Cause Blood Clots in Veins Avastin, Genentech’s popular cancer drug, has been linked to an increased risk of blood clots in the veins by a new study. According to an article published in the Journal American Medical Association, when Avastin was used with chemotherapy, the risk of such blood clots increased by about a third.
Avastin was approved by the Food & Drug Administration (FDA) in 2004 to treat colon cancer, and in 2006, the agency approved it as a treatment for non-small cell lung cancer. Earlier this year, the FDA approved Avastin as a breast cancer treatment. Avastin was the first approved therapy designed to inhibit angiogenesis, the process by which new blood vessels develop and carry vital nutrients to a tumor. Avastin has been a blockbuster for Genentech, and its parent company Roche AG. For the first nine months of 2007, US sales of Avastin topped $1 billion, accounting for 27% of Genentech’s overall product sales.
FDA approved Avastin for breast cancer patients
When the FDA approved Avastin for breast cancer patients earlier this year, it did so against the recommendation of its own advisory panel. In late 2007, the panel voted 5-4 to recommend that the agency reject Genentech’s application to expand the approved uses of the drug to include advanced breast cancer. The FDA advisory panel vote came after agency staffers posted documents on the FDA website noting that while Avastin did extend the period prior to patients’ breast cancer becoming worse, treatment with the drug did not markedly increase survival time.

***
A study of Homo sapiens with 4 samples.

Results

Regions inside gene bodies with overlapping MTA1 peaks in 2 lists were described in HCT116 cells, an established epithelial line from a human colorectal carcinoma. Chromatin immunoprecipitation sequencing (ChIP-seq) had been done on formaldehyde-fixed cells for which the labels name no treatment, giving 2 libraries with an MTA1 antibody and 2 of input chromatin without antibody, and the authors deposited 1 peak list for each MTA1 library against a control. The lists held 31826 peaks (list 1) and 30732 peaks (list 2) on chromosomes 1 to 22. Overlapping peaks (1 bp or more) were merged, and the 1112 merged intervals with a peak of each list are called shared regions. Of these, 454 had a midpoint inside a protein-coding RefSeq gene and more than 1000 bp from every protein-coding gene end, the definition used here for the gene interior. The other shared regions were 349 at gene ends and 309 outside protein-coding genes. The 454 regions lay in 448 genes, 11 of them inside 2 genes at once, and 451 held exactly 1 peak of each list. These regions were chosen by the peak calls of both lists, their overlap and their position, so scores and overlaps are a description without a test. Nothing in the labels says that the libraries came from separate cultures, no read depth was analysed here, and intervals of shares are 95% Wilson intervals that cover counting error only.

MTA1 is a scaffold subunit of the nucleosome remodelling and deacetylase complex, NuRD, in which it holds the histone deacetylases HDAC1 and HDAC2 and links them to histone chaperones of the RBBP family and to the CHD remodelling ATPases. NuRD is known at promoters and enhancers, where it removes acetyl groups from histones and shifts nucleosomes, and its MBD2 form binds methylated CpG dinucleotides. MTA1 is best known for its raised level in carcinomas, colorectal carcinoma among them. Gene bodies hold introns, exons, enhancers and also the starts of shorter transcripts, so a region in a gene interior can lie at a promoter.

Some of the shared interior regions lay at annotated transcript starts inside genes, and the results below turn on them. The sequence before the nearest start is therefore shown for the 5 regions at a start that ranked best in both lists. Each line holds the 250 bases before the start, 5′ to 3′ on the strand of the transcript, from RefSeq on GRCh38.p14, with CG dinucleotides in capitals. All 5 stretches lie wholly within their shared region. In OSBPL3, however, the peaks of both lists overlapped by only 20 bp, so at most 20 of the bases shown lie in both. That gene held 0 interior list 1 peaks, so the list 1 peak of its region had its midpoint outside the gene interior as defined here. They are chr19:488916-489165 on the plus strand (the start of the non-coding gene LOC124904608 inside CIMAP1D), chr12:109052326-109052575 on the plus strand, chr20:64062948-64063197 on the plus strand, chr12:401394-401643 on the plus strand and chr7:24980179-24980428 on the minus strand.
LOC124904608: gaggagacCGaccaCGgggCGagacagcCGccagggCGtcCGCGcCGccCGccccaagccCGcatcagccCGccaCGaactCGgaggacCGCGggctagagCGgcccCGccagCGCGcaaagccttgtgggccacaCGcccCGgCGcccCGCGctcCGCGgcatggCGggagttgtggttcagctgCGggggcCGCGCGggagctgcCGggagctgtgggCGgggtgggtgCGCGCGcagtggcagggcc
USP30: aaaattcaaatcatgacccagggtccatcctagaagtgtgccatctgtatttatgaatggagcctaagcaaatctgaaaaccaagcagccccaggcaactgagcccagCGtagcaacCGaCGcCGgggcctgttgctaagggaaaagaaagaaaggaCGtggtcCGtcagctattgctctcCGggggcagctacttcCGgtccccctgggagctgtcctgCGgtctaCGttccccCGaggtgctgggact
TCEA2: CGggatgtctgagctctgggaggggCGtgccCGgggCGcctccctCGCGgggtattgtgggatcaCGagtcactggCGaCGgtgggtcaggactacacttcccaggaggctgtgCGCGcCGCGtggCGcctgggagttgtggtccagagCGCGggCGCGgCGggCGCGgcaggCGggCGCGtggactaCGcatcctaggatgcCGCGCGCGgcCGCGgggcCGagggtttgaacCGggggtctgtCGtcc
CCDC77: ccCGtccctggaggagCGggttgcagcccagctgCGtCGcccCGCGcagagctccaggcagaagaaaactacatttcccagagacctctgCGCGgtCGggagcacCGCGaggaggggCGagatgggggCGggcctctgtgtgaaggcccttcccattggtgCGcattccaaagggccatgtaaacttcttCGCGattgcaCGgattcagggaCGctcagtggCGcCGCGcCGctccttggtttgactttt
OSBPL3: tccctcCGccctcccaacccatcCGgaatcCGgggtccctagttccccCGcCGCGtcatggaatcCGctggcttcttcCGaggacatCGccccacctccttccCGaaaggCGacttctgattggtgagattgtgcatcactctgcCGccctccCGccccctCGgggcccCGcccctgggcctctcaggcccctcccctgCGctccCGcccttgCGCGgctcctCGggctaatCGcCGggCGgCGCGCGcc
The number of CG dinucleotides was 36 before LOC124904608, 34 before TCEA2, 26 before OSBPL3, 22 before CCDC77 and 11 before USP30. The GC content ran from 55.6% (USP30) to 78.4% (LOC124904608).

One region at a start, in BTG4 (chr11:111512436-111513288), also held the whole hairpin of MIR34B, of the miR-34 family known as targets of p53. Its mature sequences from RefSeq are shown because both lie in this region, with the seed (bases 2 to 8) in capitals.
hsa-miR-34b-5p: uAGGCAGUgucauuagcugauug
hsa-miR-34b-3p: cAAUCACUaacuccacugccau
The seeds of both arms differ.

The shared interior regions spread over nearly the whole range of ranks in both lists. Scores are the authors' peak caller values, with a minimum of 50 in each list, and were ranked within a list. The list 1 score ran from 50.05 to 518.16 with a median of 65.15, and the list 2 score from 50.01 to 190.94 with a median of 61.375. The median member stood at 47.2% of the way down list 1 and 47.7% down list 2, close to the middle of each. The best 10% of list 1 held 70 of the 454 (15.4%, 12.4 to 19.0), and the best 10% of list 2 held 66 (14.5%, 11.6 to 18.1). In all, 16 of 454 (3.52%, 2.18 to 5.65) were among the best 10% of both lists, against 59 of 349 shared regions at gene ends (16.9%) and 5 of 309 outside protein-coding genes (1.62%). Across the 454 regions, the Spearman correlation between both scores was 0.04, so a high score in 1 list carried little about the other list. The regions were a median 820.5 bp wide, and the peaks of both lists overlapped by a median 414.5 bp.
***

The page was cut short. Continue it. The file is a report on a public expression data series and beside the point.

The FDA documents also pointed out that Avastin caused serious side effects, including cardiovascular problems, bowel perforations, and a few deaths. The FDA staff said that those side effects included several patient deaths that were “probably or definitely” due to Avastin.
Avastin developed blood clots in the veins
This new Avastin study, conducted by researchers at Stony Brook University Cancer Center in New York, consisted of an analysis of 15 clinical trials involving nearly 8,000 patients. The analysis showed that about 12 percent of people who take Avastin developed blood clots in the veins, a rate that’s about 30 percent higher than among other cancer patients who are not taking it.
These types of blood clots put patients at a higher risk of death, because they can travel to the lungs. Clots are already a common problem faced by cancer patients.
Dr. Shenhong Wu, coauthor of the Avastin study, told USAToday that the drug should bear the FDA’s strongest warning – a black box – regarding its blood clot risk. Doctors didn’t know the magnitude of Avastin’s risks until now because earlier studies were too small to show a clear trend, Wu said.